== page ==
It is hard to write a review for a six-part documentary when the entire premise of the film is in question. On the night of February 26th, 2012, George Zimmerman was driving home from the store when he saw a black male wearing a hoodie go behind the townhomes of his subdivision in the rain and darkness. George being an off-duty neighborhood watchman and knowing that his subdivision had been under assault from young black males doing home invasions and robberies, got on his phone, called the cops, and started to follow the guy who was walking behind people’s homes in the rain.
The person was wearing a hoodie and was a guy visiting his father from Miami that went by the name of Trayvon Martin. Trayvon realized he was being followed behind the homes and he circled the buildings and attacked George in the dark, according to a friend Trayvon was speaking to on the phone who later testified to this in court. Trayvon knocked him to the ground and began repeatedly smashing George’s head on the cement sidewalk.
Before George blacked out from the blows or lost his life, his legally carried and owned pistol went off in the struggle and Trayvon Martin was killed. Bleeding from all over his head and face, George stood up and called back the police and told them what happened. The police interviewed George for hours, treated his wounds medically, and sent him home; no arrest was made. The police chief said at the time that Zimmerman had a right to defend himself. Then, Al Sharpton got involved.
I’m sure you as the reader do not have to guess what happened next. Al Sharpton and the usual suspects stirred the race pot and along with six weeks of misleading press coverage including edited 911 calls attempting to make George look like a racist and the constant airing of very young pictures of Trayvon; Sharpton got his arrest. Under orchestrated and fallacious race-related pressure, Governor Rick Scott sent a prosecutor named Angela Corey down to Sanford from Jacksonville, and in my opinion, violated George Zimmerman’s civil rights, and charged him with second-degree murder and manslaughter.
The press pushed a successful fraudulent narrative that Trayvon was just some young kid who was coming home from the convenience store with Skittles and Arizona Iced Tea. Even President Barrack Obama said if he had a boy, he would look like Trayvon. They pushed a storyline in which Trayvon was minding his own business when he was profiled and then stalked by George Zimmerman.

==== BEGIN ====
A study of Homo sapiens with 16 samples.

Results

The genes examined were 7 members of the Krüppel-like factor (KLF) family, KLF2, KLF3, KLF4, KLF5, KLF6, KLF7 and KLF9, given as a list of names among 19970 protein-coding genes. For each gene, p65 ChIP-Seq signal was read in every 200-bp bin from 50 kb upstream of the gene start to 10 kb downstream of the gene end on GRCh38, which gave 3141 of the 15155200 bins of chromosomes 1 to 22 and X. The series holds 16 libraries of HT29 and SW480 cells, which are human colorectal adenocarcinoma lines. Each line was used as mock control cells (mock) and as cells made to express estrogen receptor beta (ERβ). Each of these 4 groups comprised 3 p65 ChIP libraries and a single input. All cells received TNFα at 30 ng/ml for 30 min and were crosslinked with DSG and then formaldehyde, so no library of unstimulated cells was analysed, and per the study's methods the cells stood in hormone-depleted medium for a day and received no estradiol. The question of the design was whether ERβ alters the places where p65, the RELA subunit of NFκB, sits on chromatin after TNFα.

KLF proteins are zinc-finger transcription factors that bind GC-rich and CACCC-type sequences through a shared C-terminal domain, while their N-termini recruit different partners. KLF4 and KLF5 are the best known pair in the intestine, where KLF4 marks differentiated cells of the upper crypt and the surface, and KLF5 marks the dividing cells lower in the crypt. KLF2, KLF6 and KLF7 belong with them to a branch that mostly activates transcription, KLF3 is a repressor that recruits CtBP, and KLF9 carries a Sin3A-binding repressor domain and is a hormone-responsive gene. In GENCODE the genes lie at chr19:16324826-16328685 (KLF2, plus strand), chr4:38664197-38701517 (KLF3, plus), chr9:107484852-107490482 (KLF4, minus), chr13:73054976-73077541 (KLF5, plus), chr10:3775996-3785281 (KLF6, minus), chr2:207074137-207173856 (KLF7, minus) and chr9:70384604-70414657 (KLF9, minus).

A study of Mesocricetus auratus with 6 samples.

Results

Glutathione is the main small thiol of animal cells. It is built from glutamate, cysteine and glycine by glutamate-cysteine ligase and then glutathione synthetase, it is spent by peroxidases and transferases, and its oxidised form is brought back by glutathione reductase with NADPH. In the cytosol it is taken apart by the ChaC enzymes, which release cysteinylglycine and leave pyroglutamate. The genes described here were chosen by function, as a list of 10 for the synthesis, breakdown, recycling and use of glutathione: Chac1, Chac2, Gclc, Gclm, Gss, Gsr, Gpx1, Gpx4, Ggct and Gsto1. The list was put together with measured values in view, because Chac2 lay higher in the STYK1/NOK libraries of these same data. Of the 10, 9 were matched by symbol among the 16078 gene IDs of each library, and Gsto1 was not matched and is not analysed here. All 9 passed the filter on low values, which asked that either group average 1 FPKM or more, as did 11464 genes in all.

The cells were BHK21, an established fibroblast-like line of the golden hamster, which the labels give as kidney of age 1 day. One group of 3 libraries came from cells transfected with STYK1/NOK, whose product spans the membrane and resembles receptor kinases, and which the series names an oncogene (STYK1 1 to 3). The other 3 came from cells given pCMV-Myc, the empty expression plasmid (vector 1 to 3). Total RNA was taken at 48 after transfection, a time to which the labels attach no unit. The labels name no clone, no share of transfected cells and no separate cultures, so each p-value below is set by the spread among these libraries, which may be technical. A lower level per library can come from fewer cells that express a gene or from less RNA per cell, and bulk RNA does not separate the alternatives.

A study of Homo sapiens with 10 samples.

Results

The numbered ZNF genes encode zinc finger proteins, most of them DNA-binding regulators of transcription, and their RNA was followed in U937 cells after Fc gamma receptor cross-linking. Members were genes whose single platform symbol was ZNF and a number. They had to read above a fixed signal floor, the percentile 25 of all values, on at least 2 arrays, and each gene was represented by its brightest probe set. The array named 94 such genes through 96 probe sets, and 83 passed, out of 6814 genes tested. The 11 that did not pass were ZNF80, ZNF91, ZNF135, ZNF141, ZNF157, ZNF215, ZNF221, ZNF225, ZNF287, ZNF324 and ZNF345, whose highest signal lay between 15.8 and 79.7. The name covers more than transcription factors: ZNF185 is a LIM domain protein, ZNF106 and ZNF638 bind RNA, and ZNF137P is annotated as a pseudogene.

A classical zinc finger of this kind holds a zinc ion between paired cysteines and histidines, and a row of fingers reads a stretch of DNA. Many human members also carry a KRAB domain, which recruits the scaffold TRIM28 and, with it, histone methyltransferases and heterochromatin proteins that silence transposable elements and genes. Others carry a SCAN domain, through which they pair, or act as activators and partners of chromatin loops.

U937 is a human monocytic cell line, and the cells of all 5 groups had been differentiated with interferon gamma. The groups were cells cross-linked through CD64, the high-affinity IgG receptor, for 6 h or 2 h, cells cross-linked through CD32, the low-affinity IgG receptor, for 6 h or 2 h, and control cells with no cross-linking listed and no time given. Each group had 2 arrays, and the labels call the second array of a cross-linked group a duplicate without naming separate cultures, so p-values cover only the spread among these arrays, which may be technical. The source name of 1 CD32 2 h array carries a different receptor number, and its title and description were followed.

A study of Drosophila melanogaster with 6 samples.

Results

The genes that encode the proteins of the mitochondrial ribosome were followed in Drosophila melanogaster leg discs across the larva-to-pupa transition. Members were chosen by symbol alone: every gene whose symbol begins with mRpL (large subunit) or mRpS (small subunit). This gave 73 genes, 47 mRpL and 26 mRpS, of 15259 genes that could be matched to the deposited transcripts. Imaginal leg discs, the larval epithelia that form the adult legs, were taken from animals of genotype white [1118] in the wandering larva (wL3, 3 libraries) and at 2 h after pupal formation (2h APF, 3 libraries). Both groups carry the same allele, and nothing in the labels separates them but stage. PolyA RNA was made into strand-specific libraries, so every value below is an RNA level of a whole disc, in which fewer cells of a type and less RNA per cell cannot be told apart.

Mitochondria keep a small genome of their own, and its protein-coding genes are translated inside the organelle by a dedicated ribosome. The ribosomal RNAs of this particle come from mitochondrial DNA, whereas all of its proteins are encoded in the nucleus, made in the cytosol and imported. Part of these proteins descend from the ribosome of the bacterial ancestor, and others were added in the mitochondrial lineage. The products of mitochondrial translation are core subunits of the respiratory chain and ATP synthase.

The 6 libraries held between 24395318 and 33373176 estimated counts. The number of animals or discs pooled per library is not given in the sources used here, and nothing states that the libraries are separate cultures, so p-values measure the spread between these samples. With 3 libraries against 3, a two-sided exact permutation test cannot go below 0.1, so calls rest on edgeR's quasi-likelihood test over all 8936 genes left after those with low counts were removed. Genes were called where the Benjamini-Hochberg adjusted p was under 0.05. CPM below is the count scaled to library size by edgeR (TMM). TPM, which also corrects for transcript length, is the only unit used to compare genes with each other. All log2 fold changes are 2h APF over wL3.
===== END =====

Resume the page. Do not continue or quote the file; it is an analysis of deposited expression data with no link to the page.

It was one of the most successful lies I have ever seen. To this day people believe that untruth. To this day the press still shows pictures of Trayvon as a young kid and not what he looked like at age of seventeen on the night of the shooting. It is a pattern with other similar shootings. This method of misleading people in this kind of situation by using childhood pictures of the black person involved still goes on today and is quite disturbing.
During the trial, the true nature of how violent Trayvon Martin was would not be allowed to be seen in court in front of the jury. The fact that Trayvon was picking fights with other people so he could perfect his fighting skills and brag about it in texts to a friend of his was kept from the jury. And that his reason for being able to visit his father now was because he was suspended from school because of some similar bad behavior and that was ignored by the mainstream press. And was also kept from the jury. Sadly, if a boxing trainer could have gotten ahold of Trayvon and got him into that sport, he might still be alive today.
On July 13th, 2013, a jury acquitted Zimmerman of second-degree murder and manslaughter despite every single misleading force that tried to pull justice another way. That was a miracle notwithstanding George Zimmerman’s odd behavior since the trial. The man has issues. However, the false narrative of Skittles, Arizona Iced Tea, profiling, and hoodies still exists today in place of reality. This entire situation became the first building block in the house of lies about race and became the impetus for an ongoing movement based on falsehoods.
This film Rest in Power: The Trayvon Martin Story basks in these falsehoods and pushes forth those spurious narratives unabashedly. The narrators were a lair of usual suspects of racial aggrieved personalities and agendas. There was barely even a morsel of a counterpoint of view. When it was brought up, it was in light to show us who disagree how wrong we are. The six-part series was a terrible disappointment and a lost opportunity to do something meaningful and out of the box about race.